Goods for dishes such as a traditional English breakfast are noticeable among the rise, with prices for tea and butter on the increase.
The news marks the bucking of the retail trend in recent years. From around 2014 until recently food price rises have been negative, with drops in retail prices for food translating into a period of deflation. That itself was a sharp contrast with the years immediately after the banking crisis of 2008 when food prices were rapidly rising, reflecting the influence of external trends on the sector.
Recent trends reflect a mix of factors. Until the return of moderate food price inflation, prices had been driven down by a bout of competition in the industry. The arrival of low-priced discount retailers marked an evolution in the nature of the market and sparked fierce price competition as new entrants sought to capture customers and established players responded to protect their position. The return of food price increases suggests that this effect has now bottomed out.
Also contributing to the increase is the movement of the pound as the aftermath of Brexit continues to play out. As global markets price down the pound amid a degree of uncertainty about the post-Brexit landscape, the cost of imported food has risen as the currency exchange gap widens.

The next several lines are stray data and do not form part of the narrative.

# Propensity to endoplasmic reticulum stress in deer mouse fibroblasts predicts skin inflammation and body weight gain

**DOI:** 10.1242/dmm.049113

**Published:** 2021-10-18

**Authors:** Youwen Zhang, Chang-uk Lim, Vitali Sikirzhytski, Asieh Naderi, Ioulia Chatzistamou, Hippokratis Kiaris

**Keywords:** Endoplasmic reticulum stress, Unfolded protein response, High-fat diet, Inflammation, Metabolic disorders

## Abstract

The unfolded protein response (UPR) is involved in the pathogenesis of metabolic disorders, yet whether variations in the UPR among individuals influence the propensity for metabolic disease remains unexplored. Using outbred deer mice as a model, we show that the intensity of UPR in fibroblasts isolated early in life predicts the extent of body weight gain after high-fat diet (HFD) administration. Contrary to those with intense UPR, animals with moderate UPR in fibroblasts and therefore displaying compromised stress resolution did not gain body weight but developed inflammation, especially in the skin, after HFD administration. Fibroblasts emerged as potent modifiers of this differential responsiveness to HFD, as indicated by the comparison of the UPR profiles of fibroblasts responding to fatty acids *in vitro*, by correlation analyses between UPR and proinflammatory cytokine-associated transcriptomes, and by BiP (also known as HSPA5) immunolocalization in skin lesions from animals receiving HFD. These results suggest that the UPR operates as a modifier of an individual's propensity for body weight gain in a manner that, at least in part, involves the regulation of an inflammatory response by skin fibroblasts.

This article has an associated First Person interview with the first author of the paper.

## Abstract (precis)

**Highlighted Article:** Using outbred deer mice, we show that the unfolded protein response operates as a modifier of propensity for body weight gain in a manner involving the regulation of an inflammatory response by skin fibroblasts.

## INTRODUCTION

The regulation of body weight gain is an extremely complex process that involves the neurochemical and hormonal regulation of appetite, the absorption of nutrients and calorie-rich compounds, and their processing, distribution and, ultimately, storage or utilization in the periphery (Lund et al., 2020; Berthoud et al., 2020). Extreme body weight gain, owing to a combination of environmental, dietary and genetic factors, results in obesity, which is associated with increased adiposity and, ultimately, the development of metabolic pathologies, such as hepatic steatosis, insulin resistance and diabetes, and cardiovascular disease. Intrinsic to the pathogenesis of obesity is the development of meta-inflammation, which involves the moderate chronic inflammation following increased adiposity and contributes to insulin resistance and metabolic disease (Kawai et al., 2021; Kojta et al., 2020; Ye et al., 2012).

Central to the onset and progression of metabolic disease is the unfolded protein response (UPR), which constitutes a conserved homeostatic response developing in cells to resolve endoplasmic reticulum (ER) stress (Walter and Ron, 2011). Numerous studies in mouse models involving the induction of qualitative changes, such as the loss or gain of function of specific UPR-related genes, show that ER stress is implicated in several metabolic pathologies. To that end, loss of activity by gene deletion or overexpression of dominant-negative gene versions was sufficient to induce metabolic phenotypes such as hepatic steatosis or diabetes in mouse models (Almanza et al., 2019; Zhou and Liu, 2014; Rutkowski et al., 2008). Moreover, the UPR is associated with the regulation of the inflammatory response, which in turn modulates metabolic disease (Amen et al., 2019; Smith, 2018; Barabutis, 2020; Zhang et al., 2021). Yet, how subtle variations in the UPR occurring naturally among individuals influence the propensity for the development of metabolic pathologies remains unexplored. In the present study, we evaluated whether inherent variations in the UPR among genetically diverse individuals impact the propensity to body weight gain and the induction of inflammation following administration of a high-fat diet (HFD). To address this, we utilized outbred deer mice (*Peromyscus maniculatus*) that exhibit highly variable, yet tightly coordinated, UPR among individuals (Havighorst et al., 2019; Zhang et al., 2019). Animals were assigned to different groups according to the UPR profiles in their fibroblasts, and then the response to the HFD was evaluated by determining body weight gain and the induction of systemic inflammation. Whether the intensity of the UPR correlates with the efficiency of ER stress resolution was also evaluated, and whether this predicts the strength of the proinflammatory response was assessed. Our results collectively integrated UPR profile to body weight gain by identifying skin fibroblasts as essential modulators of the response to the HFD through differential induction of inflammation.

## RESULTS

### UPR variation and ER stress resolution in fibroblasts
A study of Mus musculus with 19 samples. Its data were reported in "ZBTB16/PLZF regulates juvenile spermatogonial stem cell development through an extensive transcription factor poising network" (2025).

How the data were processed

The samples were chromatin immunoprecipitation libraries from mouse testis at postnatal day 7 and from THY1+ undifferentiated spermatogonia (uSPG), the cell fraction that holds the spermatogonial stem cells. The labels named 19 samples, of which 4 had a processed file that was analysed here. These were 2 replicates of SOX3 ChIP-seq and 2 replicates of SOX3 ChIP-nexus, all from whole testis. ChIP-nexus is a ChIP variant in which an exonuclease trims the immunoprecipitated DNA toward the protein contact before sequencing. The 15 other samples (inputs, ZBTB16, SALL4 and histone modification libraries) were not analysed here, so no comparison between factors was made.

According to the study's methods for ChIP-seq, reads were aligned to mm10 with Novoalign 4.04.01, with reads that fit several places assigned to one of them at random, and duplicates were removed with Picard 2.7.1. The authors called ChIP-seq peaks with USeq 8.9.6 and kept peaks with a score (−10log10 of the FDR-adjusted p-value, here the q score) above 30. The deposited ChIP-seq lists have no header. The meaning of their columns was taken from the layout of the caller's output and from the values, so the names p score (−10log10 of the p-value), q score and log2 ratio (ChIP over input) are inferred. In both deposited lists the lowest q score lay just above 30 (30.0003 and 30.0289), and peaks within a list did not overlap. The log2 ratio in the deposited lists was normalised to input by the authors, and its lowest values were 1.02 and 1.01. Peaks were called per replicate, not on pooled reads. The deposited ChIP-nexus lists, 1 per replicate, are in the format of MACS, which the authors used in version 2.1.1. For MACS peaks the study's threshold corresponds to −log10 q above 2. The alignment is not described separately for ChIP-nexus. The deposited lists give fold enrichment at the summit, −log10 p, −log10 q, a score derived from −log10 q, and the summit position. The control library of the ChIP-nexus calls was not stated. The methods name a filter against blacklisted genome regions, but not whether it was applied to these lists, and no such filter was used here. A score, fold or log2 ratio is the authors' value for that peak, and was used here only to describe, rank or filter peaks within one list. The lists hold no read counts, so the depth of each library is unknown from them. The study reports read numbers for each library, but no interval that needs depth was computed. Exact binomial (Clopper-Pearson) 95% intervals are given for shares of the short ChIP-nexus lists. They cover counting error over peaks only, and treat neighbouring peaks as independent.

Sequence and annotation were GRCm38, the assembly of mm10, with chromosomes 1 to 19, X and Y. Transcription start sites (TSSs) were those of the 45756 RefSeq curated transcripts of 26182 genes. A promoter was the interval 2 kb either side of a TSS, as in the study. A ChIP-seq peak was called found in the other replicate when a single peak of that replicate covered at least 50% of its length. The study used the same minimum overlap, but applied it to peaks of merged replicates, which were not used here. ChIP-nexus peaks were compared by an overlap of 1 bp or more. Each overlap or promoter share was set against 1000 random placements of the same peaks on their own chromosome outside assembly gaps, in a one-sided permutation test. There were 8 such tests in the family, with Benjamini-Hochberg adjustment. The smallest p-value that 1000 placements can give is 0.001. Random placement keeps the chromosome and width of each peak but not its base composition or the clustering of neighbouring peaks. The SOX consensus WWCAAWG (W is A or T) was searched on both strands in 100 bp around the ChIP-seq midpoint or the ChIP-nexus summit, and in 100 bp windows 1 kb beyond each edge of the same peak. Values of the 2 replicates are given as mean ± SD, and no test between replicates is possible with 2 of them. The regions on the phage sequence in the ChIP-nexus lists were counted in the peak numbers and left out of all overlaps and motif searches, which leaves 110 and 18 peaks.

Still, while inflation has now technically returned to the food price sector, the increase of only 1% is considered impressive given currency movements, reflecting the level of competition that continues to exist between supermarkets.
Separately, research by Barclaycard shows new interest in consumer spending on food. Fully a fifth of shoppers have increased their expenditure on food. Researchers report that the primary motivation for the increase is a desire for greater health and well-being, highlighting a strong retail trend of recent years. Set alongside the recent supermarket price competition, the news contributes to a picture of a food retail sector in which multiple trends continue to operate. Industry leaders and analysts will be reading the emerging data this year to see whether the trend towards higher consumer spending on food persists at a time when higher import costs for many of those goods continues to reflect the weakened pound.